217 lines | web/assets/js/RepLogApp.js
// ... lines 1 - 2
const Helper = require('./RepLogHelper');
// ... lines 4 - 217

We're going to use Webpack to... pack it all together! Let's jump straight in to see how it works!

Installing webpack

In the last tutorial, we installed Babel:

13 lines | package.json
// ... lines 2 - 7
"devDependencies": {
"babel-cli": "^6.22.2",
"babel-preset-env": "^1.1.8"

We're going to use Babel again. But for now, let's remove it. In your terminal, run yarn remove babel-cli then babel-preset-env:

yarn remove babel-cli babel-preset-env

After this, we have absolutely nothing in our app: package.json is empty:

10 lines | package.json
// ... lines 2 - 7
"devDependencies": {}

And so is node_modules/. We're starting from scratch.

Now, add webpack:

yarn add webpack@3 --dev


This tutorial uses Webpack v3, so please double check that you install that version. If you do want to use Webpack 4 or higher, we've done our best to add tips throughout the tutorial to help you. If you're installing Webpack 4 (or higher), you also need to install webpack-cli:

yarn add webpack webpack-cli --dev

As it's downloading, let's talk strategy. Webpack is an executable, and we will point it at RepLogApp.js. Webpack is amazing because it will actually read the require() call inside that:

217 lines | web/assets/js/RepLogApp.js
// ... lines 1 - 2
const Helper = require('./RepLogHelper');
// ... lines 4 - 217

Open RepLogAppHelper.js, and finally dump one big file with both modules inside. Yes, this means we will get to use the require() function and our browser will still get one, streamlined, simple, beautiful JS file.

Create a new directory in web/ called build/: we'll put our finished file here.

Running webpack

Back in our terminal, awesome! Yarn finished its work... and now node_modules/ is filled with goodies. To run Webpack, use ./node_modules/.bin/webpack. This needs 2 arguments: the input file - so web/assets/RepLogApp.js - and the output file - web/build/rep_log.js - a different filename to avoid confusion.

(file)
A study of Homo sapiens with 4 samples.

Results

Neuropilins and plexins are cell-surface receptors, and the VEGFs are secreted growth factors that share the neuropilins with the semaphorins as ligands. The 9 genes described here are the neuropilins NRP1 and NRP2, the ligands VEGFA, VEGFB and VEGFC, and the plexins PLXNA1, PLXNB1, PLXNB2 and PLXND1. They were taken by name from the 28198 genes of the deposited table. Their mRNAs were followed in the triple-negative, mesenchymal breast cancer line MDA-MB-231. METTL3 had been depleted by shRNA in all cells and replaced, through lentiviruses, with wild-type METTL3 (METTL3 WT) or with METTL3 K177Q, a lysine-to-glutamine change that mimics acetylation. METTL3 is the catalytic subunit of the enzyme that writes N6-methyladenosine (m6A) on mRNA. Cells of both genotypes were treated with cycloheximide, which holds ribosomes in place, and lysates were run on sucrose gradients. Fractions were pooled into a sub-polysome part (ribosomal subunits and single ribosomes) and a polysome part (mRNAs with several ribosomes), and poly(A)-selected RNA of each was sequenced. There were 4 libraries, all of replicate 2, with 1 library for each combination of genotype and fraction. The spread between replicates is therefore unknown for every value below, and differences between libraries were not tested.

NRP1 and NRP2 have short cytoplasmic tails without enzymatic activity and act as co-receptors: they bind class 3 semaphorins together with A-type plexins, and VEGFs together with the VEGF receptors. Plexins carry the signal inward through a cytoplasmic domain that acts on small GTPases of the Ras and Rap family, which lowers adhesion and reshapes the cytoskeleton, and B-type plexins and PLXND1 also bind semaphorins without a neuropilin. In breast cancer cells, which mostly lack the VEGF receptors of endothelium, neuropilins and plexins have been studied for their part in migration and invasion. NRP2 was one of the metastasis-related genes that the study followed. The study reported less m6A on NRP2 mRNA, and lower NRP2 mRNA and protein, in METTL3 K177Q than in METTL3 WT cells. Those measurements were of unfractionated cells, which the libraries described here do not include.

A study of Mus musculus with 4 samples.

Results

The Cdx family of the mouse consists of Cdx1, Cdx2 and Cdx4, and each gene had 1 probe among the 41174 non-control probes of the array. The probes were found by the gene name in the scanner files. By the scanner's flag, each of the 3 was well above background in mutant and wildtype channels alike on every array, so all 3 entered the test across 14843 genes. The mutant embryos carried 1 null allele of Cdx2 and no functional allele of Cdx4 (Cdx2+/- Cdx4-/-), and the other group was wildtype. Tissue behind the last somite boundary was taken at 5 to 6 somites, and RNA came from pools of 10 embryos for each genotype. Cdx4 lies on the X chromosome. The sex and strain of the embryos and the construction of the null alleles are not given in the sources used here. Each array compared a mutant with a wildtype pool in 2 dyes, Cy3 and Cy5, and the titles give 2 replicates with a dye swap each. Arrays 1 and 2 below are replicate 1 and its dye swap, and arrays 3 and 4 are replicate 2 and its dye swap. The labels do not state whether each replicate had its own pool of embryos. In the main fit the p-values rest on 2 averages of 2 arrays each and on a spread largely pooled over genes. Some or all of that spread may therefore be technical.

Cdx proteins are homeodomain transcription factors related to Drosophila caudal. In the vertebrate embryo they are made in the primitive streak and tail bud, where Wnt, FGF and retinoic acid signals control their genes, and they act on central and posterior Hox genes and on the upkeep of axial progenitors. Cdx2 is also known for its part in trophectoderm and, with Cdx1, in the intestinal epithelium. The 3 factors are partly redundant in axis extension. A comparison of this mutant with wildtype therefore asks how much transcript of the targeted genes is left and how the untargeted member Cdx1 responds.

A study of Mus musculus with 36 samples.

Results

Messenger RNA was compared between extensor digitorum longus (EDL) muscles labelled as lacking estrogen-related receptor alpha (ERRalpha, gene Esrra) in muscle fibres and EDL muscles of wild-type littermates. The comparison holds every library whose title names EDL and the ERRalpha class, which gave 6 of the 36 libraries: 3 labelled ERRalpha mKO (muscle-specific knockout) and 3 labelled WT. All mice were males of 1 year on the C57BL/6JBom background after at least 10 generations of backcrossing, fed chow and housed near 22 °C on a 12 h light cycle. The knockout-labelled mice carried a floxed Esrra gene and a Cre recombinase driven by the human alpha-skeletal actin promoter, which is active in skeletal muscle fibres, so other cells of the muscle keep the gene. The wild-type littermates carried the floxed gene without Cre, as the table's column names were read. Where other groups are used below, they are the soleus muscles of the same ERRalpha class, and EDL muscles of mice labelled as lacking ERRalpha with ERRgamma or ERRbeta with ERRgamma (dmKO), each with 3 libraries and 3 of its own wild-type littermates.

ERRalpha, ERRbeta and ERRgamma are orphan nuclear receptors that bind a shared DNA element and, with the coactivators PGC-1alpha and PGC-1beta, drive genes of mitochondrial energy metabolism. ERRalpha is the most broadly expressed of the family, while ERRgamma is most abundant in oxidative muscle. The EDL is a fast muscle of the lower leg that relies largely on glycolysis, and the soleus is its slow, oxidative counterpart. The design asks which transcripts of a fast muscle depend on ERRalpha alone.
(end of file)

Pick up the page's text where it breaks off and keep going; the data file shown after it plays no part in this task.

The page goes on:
Deep breath. Run webpack:

./node_modules/.bin/webpack web/assets/js/RepLogApp.js web/build/rep_log.js


If you are using Webpack 4 or higher, add the --mode and -o options:

./node_modules/.bin/webpack web/assets/js/RepLogApp.js -o web/build/rep_log.js --mode development

Yes! No errors... and it looks like it did something. Check the web/build directory... we do have a rep_log.js file. In index.html.twig, update the script src to point here: build/rep_log.js:

67 lines | app/Resources/views/lift/index.html.twig
// ... lines 1 - 53
{% block javascripts %}
// ... lines 55 - 57
<script src="{{ asset('build/rep_log.js') }}"></script>
// ... lines 59 - 65
{% endblock %}

Now, refresh! Everything works! Holy cats Batman! We just unlocked the require() function for front-end JavaScript. Game. Changer.

Checking out the Compiled File

Check out the compiled file. Webpack adds some bootstrap code at the top: this helps it do its job internally. Then, below that, you see our code: RepLogApp first and then, the Helper class.

Yep, webpack, um, packs all our modules into one file. Well, it's actually much, much more powerful than that. But this is already huge.

Ignore the build Directory

Now, the build/ directory is not something we need to commit to the repository: we can always rebuild this file whenever we need to. So, in .gitignore, ignore it: /web/build/*:

19 lines | .gitignore
// ... lines 1 - 17

Next, we'll create the all-important webpack.config.js file: they key to unlocking Webpack's full potential.